If you’ve been finding it hard to keep track of the latest wrist candy on the market, we’re here to help. The watch industry is still abuzz with new watches despite most of the biggest watch shows being over. However, in an age where new do-it-all tech wearables are becoming the norm, manufacturers are finding that they have to seriously ramp up efforts to keep fans loyal to the old-fashioned art of mechanical watches.
These new watches might lack a computerised brain that would also tell you the weather and pick up your texts, but they more than make up for it with their exquisite craftsmanship, unique quirks, and collector’s status. Some are limited edition, while others are timeless classics with a fresh makeover.
The fact is that a well-made timepiece will never lose its appeal, and will never be rendered obsolete even if a newer model rolls out. Quite the contrary, yours might be worth more as the years go by. The same can hardly be said about wearables, unfortunately. From an all new Legacy Machine model by MB&F and a cycling watch inspired by a Formula One driver, to a Laureato in black ceramic, these are the new watches you might want to consider having on your wrists for maximum street freshness.
Now that every respectable watchmaker has hopped onboard the ceramic bandwagon, Girard-Perragaux has finally decided it was time to do the same. Its signature Laureato now comes in the scratch-resistant material, albeit brushed and blacked out for maximum rock ’n’ roll effect. Like its steel and gold counterparts, this Laureato also has a clous de Paris, guilloche dial, sword-shaped hands and indices, and the in-house automatic calibre GP1800-0025. Unlike the regular ones though, it also has a grey tinted sapphire back in keeping with the obsidian theme.
Breguet knows the way into the hearts of its Japanese fans. Achingly beautiful in its simplicity, this “Ginza Anniversary” is a mix of unusual yet classical features. The dial is blue grand feu enamelled — a first for the brand — and successfully veers away from the traditional white versions. The italicised Breguet-styled numerals are made of powdered platinum while the hands are rhodium-plated, and like other Breguets, also have the “secret signature” faintly engraved above the six o’clock mark. Within the timepiece is the calibre 777J (for “Japan), which is based on the Classique 5177BB/29/9V6, but sans the date display. Conceived to mark the 10th year of the Breguet boutique in Ginza, this watch is a limited edition of only 10 watches.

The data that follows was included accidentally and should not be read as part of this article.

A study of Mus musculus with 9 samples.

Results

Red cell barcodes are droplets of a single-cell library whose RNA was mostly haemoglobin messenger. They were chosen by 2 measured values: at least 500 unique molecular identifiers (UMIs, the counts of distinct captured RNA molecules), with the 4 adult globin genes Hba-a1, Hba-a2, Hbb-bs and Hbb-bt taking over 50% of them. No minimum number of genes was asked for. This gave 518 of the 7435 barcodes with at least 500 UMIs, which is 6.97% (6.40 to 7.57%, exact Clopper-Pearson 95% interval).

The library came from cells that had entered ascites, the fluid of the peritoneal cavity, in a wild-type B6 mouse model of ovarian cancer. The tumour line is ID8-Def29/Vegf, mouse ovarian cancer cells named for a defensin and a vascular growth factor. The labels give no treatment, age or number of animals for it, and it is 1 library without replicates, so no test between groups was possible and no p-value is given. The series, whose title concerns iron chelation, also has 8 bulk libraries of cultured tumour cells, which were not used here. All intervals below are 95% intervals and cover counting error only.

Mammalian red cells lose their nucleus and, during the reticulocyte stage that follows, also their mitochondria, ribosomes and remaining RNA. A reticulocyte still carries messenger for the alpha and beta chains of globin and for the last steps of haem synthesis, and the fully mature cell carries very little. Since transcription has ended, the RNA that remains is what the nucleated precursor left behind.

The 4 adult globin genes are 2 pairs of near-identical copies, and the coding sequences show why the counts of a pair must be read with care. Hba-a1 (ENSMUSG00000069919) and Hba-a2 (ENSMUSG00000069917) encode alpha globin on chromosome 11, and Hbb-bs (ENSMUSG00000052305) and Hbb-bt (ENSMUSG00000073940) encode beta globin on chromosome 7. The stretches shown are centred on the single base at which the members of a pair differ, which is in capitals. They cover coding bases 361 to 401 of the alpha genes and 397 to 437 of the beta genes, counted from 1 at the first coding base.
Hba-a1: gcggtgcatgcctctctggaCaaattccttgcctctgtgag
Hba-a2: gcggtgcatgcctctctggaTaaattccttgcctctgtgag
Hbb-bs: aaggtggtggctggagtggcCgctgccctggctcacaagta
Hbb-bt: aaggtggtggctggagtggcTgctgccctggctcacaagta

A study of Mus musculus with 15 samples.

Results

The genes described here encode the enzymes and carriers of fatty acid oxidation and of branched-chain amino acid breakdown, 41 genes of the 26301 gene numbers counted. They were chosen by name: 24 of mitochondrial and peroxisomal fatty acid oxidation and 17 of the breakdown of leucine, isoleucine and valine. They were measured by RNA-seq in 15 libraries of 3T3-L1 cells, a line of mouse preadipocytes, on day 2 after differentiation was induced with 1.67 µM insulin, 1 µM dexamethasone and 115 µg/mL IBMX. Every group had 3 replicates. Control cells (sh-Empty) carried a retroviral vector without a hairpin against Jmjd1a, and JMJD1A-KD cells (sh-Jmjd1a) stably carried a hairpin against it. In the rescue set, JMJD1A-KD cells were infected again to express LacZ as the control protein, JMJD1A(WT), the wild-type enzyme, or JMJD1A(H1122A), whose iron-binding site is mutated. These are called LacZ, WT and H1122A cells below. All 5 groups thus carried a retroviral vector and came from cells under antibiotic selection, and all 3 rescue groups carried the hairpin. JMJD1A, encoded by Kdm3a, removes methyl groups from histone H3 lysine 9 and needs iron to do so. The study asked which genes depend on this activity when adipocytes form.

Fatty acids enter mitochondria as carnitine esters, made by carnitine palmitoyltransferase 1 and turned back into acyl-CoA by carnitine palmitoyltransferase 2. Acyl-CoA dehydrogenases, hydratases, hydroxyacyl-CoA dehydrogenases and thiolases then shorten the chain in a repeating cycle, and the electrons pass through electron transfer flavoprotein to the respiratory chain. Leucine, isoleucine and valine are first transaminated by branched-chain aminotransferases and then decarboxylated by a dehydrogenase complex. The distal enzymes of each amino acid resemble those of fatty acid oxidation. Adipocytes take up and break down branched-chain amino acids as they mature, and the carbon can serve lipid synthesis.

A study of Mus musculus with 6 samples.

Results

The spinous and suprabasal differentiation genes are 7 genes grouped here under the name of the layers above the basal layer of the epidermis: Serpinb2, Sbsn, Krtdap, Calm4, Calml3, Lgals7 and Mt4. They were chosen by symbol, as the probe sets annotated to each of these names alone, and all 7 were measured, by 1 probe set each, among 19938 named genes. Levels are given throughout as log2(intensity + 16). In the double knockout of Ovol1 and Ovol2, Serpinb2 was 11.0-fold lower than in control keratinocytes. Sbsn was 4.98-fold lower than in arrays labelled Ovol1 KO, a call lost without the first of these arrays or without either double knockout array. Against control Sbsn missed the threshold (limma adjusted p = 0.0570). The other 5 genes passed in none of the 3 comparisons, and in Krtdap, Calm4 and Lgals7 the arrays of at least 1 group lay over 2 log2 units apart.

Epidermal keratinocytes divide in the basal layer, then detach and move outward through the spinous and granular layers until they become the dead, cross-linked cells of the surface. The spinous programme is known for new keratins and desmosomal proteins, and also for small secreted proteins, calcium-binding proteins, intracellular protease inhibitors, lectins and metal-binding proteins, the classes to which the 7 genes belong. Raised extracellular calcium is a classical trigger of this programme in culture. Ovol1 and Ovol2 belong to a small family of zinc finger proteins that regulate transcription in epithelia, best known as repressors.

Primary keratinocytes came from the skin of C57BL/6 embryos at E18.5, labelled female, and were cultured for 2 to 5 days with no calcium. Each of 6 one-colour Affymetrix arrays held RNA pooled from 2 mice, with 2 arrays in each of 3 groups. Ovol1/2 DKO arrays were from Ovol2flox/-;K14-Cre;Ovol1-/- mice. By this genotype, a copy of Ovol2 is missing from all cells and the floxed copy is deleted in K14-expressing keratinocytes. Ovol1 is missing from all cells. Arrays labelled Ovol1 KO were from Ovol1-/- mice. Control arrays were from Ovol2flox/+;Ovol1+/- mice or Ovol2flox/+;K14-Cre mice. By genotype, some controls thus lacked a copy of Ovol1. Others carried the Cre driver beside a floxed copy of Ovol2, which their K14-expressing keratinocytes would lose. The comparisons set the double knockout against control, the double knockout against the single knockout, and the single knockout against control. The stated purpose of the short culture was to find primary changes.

As the fifth in the Legacy Machine series, MB&F has done away with conventional numerical naming and gone for a more straightforward approach instead. The ‘Split Escapement’ system — originally made for the Perpetual Calendar variation — was once designed for practical reasons of separating the balance wheel and hair spring from the anchor on a lot arbor. This left the oscillating balance wheel on one side of the dial and the anchor and escapement wheel on the other. This nifty little trick has now taken centre stage on the watch, as it sits above the frosted dial, three subdials, and suspended 2.5Hz frequency balance wheel mechanism.
Montblanc’s brave venture into retro-aviation styling on the 1858 Chronograph saw bronze becoming the unlikely candidate for its case, but it was a huge success. Now, the oxidising alloy makes a return, only the champagne dial makes way for a salmon-hued one. The subtle yet striking colour works with the brushed metallic finish of the 44mm case, which — if all goes well — will oxidise to a muted brownish tone over time. Inside is an old-school MB M16.29, which was originally designed for a pocket watch, and hence the watch’s large size. Definitely one of the classier ways to prove that real men wear pink.
In what is possibly be the most expensive cycling accessory you could possibly own, the RM70-01 is a 30-piece limited edition tourbillon that’s inspired by not one of Tour de France’s legends, but by a Formula One stalwart. The S$1.1 million timepiece is fashioned out of naturally-grained carbon TPT in an asymmetrical ergonomic design. The watch is extremely lightweight, and brags a mechanical odometer to display the overall distance you’ve covered — so this watch is not all fluff.
After the entire Pokemon fleet, it was only a matter of time before everyone’s favourite mouthless cat also made its way onto a Romain Jerome watch. Standing against the sand-blasted and satin brushed ‘pixelated’ dial with her signature waving pose is Hello Kitty, fashioned in glossy hand-painted lacquer. The unique case is inspired by the moon landing crafts of the Apollo-era, with the strap attached by an integrated ball and socket joint.